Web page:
Osteochondritis Dissecans (OCD)

What is osteochondritis dissecans?

Osteochondritis dissecans (OCD) is an abnormality in the development of bone from cartilage. As a result, within joints such as the shoulder, elbow, knee, and hock (ankle), a flap of cartilage can develop causing lameness. The shoulder and elbow are more commonly affected. The development of OCD is secondary to multiple factors, including diet, growth rate, genetics, trauma, hormonal imbalance, and joint architecture.

As genetics play an important role in the development of OCD, any patient diagnosed with this condition should not be bred. In addition, parents, siblings, or previous offspring of an affected patient should not be bred.

Which pets are most commonly affected?

Osteochondritis dissecans (OCD) frequently occurs more in large and giant breeds. Most commonly affected breeds include Labrador Retrievers, Golden Retrievers, and Newfoundlands, as well as Bernese Mountain Dogs, Chow Chows, German Shepherds, Mastiffs, Old English Sheepdogs, Rottweilers, and Standard Poodles.

In cases such as OCD of the shoulder, male dogs are more commonly affected than female dogs.

How is it diagnosed?

Most dogs will start showing clinical signs as young as 4 to 7 months of age. Most are recognized to have a lameness that becomes worse with heavy exercise and after prolonged rest. In some cases, no obvious affected leg can be determined, as osteochondritis dissecans is in both limbs.

X-Rays are often diagnostic, but in more difficult cases other tests, including arthrography (X- Rays with contrast within the joint), CT scan, or MRI, may be used.

What is the treatment and prognosis?

Surgery or arthroscopy will often be the treatment of choice for osteochondritis dissecans. Factors that may affect this decision include the joint affected, the degree of secondary arthritis, or if a flap of cartilage is not present. The goal of surgery is to retrieve the flap of unhealthy cartilage and prepare the area where the flap developed to allow a scar-type cartilage (fibrocartilage) to develop.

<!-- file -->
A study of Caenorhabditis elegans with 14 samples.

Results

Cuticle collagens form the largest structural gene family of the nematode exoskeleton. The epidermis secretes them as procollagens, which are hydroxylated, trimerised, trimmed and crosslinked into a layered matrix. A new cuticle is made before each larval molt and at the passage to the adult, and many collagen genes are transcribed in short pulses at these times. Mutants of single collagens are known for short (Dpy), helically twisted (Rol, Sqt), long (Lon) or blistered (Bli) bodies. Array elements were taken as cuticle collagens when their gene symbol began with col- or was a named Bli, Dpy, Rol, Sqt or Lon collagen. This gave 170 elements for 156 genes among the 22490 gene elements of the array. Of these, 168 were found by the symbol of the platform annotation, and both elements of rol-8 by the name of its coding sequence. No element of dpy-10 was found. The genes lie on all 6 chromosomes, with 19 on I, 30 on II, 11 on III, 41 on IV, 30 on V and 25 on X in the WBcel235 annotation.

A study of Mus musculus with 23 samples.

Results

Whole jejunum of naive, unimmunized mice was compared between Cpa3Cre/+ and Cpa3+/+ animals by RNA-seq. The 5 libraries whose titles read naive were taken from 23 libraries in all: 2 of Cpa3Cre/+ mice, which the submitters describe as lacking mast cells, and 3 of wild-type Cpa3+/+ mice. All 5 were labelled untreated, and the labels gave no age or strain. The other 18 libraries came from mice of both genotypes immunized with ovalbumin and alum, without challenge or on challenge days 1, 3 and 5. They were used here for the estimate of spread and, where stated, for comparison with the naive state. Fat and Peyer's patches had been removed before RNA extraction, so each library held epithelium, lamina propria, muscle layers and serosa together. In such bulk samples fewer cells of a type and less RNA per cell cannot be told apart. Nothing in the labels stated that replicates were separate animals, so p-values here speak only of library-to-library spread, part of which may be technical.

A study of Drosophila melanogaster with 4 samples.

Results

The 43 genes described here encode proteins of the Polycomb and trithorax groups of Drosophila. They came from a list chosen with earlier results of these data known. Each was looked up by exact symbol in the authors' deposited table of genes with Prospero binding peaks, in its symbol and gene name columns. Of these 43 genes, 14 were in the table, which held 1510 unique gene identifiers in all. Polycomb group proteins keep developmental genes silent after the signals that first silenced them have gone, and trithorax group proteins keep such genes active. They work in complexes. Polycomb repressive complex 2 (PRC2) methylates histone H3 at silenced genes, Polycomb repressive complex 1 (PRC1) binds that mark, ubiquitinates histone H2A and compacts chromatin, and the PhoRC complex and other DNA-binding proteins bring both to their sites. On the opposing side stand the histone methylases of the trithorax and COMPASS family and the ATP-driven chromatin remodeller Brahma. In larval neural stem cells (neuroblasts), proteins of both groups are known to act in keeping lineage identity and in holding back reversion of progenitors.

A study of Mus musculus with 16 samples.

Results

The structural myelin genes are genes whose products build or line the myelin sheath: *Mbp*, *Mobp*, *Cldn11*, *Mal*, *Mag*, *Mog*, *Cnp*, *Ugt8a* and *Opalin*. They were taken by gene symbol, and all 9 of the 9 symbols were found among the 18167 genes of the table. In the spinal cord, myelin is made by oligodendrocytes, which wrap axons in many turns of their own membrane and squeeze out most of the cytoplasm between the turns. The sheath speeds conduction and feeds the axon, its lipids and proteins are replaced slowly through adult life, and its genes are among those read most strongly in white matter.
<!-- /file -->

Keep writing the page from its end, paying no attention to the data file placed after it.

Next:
In the shoulder: Surgery or arthroscopy is the treatment of choice. Seventy five percent of patients will show no signs of lameness after surgery, 23 percent show mild lameness, and 2 percent show persistent lameness.

In the stifle (knee): Surgery is indicated if a large fragment is recognized. Chances for complete resolution of lameness are small.

In the tarsus (ankle): Most dogs will show mild improvement in lameness immediately following surgery but will continue to show some gait abnormalities once they have returned back to normal activity levels.

What is the post-operative care?

Following surgery, patients should be restricted to leash confinement for a minimum of four weeks. Over the next four weeks, controlled activity may be gradually increased. Pain management with non-steroidal anti-inflammatory drugs will usually continue for the first four to seven days after surgery. Long-term management, whether surgery was performed or not, includes weight restriction, controlled exercise, and pain management as needed.